AUBURN — The city of Auburn could be among 14 emergency warming shelter proposals to receive state funding this week, but must confirm a location by Friday.

The proposals from across the state are seeking a portion of $21 million made available through LD 3, the $473 million emergency energy relief bill passed last month, to address the homelessness crisis.

Auburn’s proposal is among three still being negotiated with the state ahead of a planned announcement of the shelters this Friday, according to a MaineHousing spokesman.

City officials would not confirm the details Wednesday, with City Manager Phil Crowell saying Auburn does not have a “definitive plan” and is still waiting to hear from MaineHousing regarding its application.

“We are constantly looking for the best solutions to meet the needs of our unhoused community,” Crowell said. “As we discuss and collaborate with partners, options are being considered.”

Allison Upham and her fiance, Michael Braiser, who have been living in a tent, select clothing Feb. 1 at the Pleasant Street Drop-in Center at the First Universalist Church, 169 Pleasant St. in Auburn. “We bury ourselves under a mountain of blankets,” Braiser said. Andree Kehn/Sun Journal

According to sources at the First Universalist Church of Auburn on Pleasant Street, which has been operating a drop-in center with resources for the homeless, the city has approached the church about hosting a state-funded shelter. With only two days to make a decision, however, the church is scrambling to conduct meaningful discussions among its congregation in such a short time frame.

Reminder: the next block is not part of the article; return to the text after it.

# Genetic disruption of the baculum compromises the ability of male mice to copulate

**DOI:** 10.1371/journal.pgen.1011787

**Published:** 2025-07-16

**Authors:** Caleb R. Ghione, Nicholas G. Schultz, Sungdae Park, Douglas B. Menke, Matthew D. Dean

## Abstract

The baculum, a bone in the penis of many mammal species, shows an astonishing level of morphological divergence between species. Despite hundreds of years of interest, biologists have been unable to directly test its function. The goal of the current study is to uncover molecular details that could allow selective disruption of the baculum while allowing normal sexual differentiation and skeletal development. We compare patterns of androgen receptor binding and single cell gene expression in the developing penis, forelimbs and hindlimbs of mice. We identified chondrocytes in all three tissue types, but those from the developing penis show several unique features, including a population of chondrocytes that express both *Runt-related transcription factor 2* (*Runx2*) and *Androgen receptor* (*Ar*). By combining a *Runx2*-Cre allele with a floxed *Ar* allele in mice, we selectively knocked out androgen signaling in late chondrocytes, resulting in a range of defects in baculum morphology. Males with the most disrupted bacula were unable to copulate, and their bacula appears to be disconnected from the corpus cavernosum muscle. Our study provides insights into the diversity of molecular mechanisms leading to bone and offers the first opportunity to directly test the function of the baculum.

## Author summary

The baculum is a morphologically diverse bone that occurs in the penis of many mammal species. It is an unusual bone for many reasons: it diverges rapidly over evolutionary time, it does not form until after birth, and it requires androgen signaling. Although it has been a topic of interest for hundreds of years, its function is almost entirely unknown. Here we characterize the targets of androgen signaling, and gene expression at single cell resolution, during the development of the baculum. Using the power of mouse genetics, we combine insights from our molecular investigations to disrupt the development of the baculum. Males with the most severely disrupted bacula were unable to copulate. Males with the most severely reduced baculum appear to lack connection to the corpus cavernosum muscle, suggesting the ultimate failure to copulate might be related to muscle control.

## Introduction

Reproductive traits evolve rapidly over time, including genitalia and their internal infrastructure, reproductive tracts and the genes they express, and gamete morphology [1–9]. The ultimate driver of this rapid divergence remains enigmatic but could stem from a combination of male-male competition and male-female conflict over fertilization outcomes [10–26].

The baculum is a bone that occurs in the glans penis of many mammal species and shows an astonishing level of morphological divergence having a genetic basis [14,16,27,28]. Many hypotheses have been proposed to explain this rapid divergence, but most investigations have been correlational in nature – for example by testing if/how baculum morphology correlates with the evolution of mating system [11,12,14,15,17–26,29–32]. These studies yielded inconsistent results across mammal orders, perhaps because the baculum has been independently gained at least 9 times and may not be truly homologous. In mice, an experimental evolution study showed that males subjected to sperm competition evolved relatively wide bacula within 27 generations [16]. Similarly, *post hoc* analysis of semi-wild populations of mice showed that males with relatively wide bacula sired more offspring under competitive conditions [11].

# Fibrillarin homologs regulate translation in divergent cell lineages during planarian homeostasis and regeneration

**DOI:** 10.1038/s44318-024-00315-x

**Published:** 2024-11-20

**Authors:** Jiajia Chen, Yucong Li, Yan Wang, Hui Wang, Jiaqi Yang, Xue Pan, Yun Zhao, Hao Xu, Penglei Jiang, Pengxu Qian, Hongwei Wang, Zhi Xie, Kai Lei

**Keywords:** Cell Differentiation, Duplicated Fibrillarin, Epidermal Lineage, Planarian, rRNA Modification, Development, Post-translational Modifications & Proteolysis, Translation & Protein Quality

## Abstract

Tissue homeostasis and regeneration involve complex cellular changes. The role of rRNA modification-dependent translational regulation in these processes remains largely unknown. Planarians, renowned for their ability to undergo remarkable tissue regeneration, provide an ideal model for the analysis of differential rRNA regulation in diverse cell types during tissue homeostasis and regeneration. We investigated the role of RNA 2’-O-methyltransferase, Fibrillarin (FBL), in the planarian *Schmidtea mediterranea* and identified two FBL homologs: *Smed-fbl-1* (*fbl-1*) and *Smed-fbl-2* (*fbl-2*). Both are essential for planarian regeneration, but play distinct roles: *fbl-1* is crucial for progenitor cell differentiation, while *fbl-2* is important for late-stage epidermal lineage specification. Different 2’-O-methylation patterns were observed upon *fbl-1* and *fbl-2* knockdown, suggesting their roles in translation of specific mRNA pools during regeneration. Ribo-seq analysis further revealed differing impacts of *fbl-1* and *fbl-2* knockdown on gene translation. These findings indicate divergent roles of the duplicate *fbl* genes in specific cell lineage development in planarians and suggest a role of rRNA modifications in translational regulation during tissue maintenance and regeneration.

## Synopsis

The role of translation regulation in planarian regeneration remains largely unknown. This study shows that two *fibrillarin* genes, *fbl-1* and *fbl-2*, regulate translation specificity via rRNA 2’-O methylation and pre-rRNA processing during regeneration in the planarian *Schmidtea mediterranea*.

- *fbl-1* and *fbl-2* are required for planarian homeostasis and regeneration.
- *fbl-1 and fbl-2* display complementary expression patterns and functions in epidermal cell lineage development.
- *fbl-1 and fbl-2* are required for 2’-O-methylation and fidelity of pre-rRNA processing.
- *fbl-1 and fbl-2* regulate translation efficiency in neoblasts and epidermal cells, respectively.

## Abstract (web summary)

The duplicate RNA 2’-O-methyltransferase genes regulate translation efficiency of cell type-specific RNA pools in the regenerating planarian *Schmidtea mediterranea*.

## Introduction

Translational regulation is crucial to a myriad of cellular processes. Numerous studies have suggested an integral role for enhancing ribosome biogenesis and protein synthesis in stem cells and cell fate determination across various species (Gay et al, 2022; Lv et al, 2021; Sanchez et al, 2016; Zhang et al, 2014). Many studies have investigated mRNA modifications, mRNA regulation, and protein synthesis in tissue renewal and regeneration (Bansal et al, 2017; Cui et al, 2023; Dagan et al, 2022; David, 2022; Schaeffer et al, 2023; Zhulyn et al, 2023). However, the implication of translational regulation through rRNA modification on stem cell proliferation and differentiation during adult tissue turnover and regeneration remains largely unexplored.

When the city initially released details on its application for funding last month, the city property at 121 Mill St. was proposed as the location. It is unclear why that location is no longer under consideration.

The state funding is meant for short-term overnight facilities, with the shelters only operating through April. While Auburn’s zoning generally does not allow for homeless shelters, warming centers — where people can spend the night but without a bed or cot — are allowed.

The city hosted a 48-hour warming center at the Auburn Housing Authority’s Family Development Center last weekend, where some people hunkered down on inflated mattresses.

The First Universalist Church of Auburn — and its drop-in center for homeless people — has often been at the center of discussions on homeless policy in the city, especially after an encampment there was shut down by the city last year.

MaineHousing spokesman Scott Thistle said Wednesday the state received 17 applications, and had identified 14 for funding. Of those, two proposals in Portland, as well as Auburn’s project, are still being worked out.

The announcement of the shelters this week comes just days after the state saw historically low temperatures, and as many communities continue to grapple with a homelessness crisis.

Following the frigid weather of last weekend, rumors have been circulating this week on social media that several unattended deaths occurred among the unhoused, particularly in Auburn.

Auburn Police Chief Jason Moen said Wednesday the department did not respond to any deaths over the weekend.